Elephants have long captured our imaginations. They are the largest living land animals and have strong and long-lasting social bonds within their herd.
Asian elephants inhabit the dense forests of India and South East Asia. They are considerably smaller than their African cousins and are the rarer of the two species. They have smaller ears and tusks and their heads, not their shoulders, are the highest part of their bodies. The Asian elephant has four toes on the hind foot, unlike the African elephant that has three toes. Female Asian elephants do not have tusks.
Even though Asian elephants are smaller than their African cousins, they can still reach between seven to 12 feet in height. Their large size means that they can’t reach the ground with their mouth. The elephant’s trunk is a fusion of the nose and the upper lip. It contains over 40,000 muscles and is used for breathing, eating, drinking, dust bathing, showering, as a snorkel while swimming, communication, smelling, lifting and as a defence. The trunk is extremely versatile and can pick up something as small as a peanut or something as big as a tree trunk.
Belfast Zoo is part of the European breeding programme for Asian elephants. As part of the breeding programme, we have become a sanctuary for elderly, non-breeding females(some with difficult backgrounds).
One of Belfast Zoo’s best known and most loved animals is Tina, the Asian elephant. Tina arrived at Belfast Zoo in 1966 and became known for her mischievous behaviour. She often stole visitors’ umbrellas, handbags and property. Make sure you read the signs in the elephant and giraffe walk or call by at feeding time to find out more about our work with Asian elephants, the role we play in their conservation and to learn more about Tina, Yhetto and Dhunja.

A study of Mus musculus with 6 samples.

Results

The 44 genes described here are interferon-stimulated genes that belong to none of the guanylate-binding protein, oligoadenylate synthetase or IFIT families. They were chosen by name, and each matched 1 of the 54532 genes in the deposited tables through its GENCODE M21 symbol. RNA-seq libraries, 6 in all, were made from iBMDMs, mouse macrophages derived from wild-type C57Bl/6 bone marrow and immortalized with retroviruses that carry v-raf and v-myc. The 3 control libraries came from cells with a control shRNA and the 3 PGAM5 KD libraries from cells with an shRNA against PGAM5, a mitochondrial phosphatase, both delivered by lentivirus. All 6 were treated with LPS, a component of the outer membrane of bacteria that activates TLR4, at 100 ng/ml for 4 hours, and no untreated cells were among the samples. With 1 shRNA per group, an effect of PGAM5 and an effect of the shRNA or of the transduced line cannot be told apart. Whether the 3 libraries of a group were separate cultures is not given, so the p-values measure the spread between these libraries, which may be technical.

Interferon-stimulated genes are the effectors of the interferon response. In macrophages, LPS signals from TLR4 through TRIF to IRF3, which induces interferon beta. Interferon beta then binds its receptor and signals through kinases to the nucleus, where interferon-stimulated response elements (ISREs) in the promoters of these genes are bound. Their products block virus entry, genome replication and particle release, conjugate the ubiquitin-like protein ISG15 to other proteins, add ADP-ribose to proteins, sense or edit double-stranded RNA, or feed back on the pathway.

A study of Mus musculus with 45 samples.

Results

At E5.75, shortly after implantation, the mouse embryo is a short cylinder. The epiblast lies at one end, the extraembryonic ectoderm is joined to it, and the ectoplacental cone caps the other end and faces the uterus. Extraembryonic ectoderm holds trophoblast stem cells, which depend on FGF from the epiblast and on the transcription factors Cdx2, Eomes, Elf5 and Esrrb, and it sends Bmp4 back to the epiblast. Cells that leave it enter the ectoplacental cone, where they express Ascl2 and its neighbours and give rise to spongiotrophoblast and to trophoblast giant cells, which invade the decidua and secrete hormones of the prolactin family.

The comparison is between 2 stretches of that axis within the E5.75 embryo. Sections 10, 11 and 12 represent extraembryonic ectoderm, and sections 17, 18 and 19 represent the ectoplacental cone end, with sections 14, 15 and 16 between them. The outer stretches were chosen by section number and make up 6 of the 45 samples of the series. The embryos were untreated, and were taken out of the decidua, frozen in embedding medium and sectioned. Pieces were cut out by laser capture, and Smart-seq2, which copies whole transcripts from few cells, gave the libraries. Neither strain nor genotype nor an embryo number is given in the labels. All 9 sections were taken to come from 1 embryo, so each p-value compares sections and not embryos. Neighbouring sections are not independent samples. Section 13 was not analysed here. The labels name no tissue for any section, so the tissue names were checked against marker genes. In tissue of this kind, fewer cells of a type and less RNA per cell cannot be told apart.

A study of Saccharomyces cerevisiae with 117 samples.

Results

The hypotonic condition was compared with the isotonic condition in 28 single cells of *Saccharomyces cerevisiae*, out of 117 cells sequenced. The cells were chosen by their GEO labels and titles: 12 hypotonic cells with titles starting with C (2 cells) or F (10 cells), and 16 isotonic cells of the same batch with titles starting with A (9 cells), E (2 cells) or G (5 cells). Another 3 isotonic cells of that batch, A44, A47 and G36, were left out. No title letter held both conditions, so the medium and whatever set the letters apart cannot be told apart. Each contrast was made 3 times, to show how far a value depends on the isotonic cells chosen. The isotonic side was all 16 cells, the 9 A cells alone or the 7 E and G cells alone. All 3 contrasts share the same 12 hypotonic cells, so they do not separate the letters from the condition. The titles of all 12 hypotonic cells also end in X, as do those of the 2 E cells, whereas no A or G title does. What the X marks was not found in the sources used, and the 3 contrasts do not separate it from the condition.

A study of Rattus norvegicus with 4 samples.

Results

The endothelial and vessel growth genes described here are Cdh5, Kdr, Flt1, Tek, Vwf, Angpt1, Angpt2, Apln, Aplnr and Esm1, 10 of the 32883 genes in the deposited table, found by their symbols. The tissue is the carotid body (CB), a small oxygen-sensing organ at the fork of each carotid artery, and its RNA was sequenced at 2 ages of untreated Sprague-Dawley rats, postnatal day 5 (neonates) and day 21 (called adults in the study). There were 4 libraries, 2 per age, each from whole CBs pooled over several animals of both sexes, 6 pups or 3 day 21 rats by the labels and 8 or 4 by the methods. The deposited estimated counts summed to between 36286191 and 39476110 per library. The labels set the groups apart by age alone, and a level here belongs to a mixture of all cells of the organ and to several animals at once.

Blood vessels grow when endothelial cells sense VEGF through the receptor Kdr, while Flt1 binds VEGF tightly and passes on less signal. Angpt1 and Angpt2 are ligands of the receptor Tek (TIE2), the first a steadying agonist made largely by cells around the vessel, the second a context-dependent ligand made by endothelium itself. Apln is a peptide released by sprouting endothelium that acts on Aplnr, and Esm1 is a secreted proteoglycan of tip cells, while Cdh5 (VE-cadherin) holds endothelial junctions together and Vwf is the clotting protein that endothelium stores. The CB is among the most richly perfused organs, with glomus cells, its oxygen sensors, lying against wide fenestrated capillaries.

Grasslands, forest and rainforest
Diet - Herbivore
Asian elephants eat grass, bark, roots, leaves and the stems of trees and shrubs.
Asian elephants can measure up to three metres in height and can weigh up to 5,000 kilograms.
Asian elephants are found in scrub forest or on the edge of dense forest in India and parts of South-east Asia.
The Asian elephant is listed as endangered by the IUCN’S Red Listed of Threatened Animals and faces a high risk of extinction.
Asian elephants are in increasing trouble. They’ve been hunted for more than a century for their tusks, as part of the profitable ivory trade. They are also increasingly losing their land to the growing human population in Asia and the increased commercial demand for products such as coffee, tea, rubber and hardwoods.
It is estimated that there are only 35,000 to 50,000 Asian elephants left in the wild today. The species faces a real risk of becoming extinct in the wild.
There are around 670 Asian elephants living in zoos across the world and zoos are actively supporting their conservation through active breeding programmes and through in-situ conservation programmes.